2021 First-Class Forever Stamp,Sun Science: Coronal Loops

# 5603 - 2021 First-Class Forever Stamp - Sun Science: Coronal Loops

2021 Coronal Loops – Sun Science

  • Pictures coronal loops on the sun
  • One of 10 stamps in the Sun Science set


Stamp Category: 
Commemorative
Set:  Sun Science
Value:  55¢ First Class Mail Rate (Forever)
First Day of Issue:  June 18, 2021
First Day City:  Greenbelt, Maryland
Quantity Issued:  18,000,000
Printed by:  Banknote Corporation of America
Printing Method:  Flexographic, Foil Stamping
Format:  Panes of 20
Tagging:  Phosphor, block tag

Why the stamp was issued:  To showcase the powerful and mysterious science behind the functioning of our sun.

About the stamp design:  Pictures a colorized images from NASA’s Solar Dynamics Observatory of coronal loops on the sun.  According to NASA, the color of this stamp represents an image of the sun as viewed with “extreme ultraviolet wavelength 171 Angstroms.”

First Day City:  The First Day of Issue Ceremony was held at Greenbelt Main Post Office.  It was originally to be held at the NASA Goddard Space Flight Center, but was moved due to observance of the Juneteenth Federal Holiday and the facility being closed.

About the Sun Science set:  Includes 10 stamp designs picturing different details of our sun along with phenomena associated with it.  Each design pictures a colorized image from NASA’s Solar Dynamics Observatory.  The different colors represent a different wavelength that reveals or highlights a particular aspect of our sun.

History the stamp represents:  The Sun is made up of a number of different parts.  Perhaps one of the most well known is the corona.  This word is Latin for “crown” and refers to the layer of plasma that surrounds the Sun.  (You may have heard of it in relation to total solar eclipses – the best time to view the corona.)

Scientists have measured the Sun’s corona as extending hundreds of thousands of miles into space.  They’ve also estimated temperatures of over one million degrees Kelvin.  That’s more than 1.8 million degrees Fahrenheit.  Interestingly, this makes the Sun’s corona hotter than its surface.  To give some perspective on what this means for our solar system, let’s take a look at Mercury.  This tiny planet is 35 million miles away from the sun and still experiences temperatures of up to 800 degrees Fahrenheit during the day!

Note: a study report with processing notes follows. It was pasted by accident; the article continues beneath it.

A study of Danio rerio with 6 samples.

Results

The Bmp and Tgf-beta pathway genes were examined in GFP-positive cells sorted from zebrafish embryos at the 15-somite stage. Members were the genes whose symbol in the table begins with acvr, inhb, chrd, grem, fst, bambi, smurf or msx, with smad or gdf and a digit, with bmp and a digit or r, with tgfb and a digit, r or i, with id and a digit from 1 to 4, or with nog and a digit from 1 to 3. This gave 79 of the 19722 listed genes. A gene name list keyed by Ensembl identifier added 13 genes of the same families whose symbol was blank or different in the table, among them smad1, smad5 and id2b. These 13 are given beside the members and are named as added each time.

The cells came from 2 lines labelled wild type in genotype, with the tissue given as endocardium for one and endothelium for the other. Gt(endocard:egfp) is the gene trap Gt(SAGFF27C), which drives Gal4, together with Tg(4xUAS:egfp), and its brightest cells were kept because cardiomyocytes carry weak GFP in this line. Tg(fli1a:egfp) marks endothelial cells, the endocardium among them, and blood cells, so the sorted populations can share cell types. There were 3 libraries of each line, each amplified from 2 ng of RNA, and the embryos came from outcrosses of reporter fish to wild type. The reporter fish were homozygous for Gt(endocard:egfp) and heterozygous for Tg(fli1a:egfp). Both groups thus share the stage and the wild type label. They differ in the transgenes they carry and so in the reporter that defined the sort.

Much about the Sun’s corona is still a subject of mystery for scientists.  However, we do know that the far edges of the corona are pulled away from the Sun by something called magnetic flux.  This generates solar wind, which can sometimes reach Earth.  Thankfully, our atmosphere protects us from the harmful effects of this intense solar radiation.  We do, however, get something positive from this radiation – the beautiful aurora events that take place at Earth’s North and South Poles.

2021 Coronal Loops – Sun Science

  • Pictures coronal loops on the sun
  • One of 10 stamps in the Sun Science set


Stamp Category: 
Commemorative
Set:  Sun Science
Value:  55¢ First Class Mail Rate (Forever)
First Day of Issue:  June 18, 2021
First Day City:  Greenbelt, Maryland
Quantity Issued:  18,000,000
Printed by:  Banknote Corporation of America
Printing Method:  Flexographic, Foil Stamping
Format:  Panes of 20
Tagging:  Phosphor, block tag

Why the stamp was issued:  To showcase the powerful and mysterious science behind the functioning of our sun.

About the stamp design:  Pictures a colorized images from NASA’s Solar Dynamics Observatory of coronal loops on the sun.  According to NASA, the color of this stamp represents an image of the sun as viewed with “extreme ultraviolet wavelength 171 Angstroms.”

First Day City:  The First Day of Issue Ceremony was held at Greenbelt Main Post Office.  It was originally to be held at the NASA Goddard Space Flight Center, but was moved due to observance of the Juneteenth Federal Holiday and the facility being closed.

About the Sun Science set:  Includes 10 stamp designs picturing different details of our sun along with phenomena associated with it.  Each design pictures a colorized image from NASA’s Solar Dynamics Observatory.  The different colors represent a different wavelength that reveals or highlights a particular aspect of our sun.

History the stamp represents:  The Sun is made up of a number of different parts.  Perhaps one of the most well known is the corona.  This word is Latin for “crown” and refers to the layer of plasma that surrounds the Sun.  (You may have heard of it in relation to total solar eclipses – the best time to view the corona.)

Scientists have measured the Sun’s corona as extending hundreds of thousands of miles into space.  They’ve also estimated temperatures of over one million degrees Kelvin.  That’s more than 1.8 million degrees Fahrenheit.  Interestingly, this makes the Sun’s corona hotter than its surface.  To give some perspective on what this means for our solar system, let’s take a look at Mercury.  This tiny planet is 35 million miles away from the sun and still experiences temperatures of up to 800 degrees Fahrenheit during the day!

Much about the Sun’s corona is still a subject of mystery for scientists.  However, we do know that the far edges of the corona are pulled away from the Sun by something called magnetic flux.  This generates solar wind, which can sometimes reach Earth.  Thankfully, our atmosphere protects us from the harmful effects of this intense solar radiation.  We do, however, get something positive from this radiation – the beautiful aurora events that take place at Earth’s North and South Poles.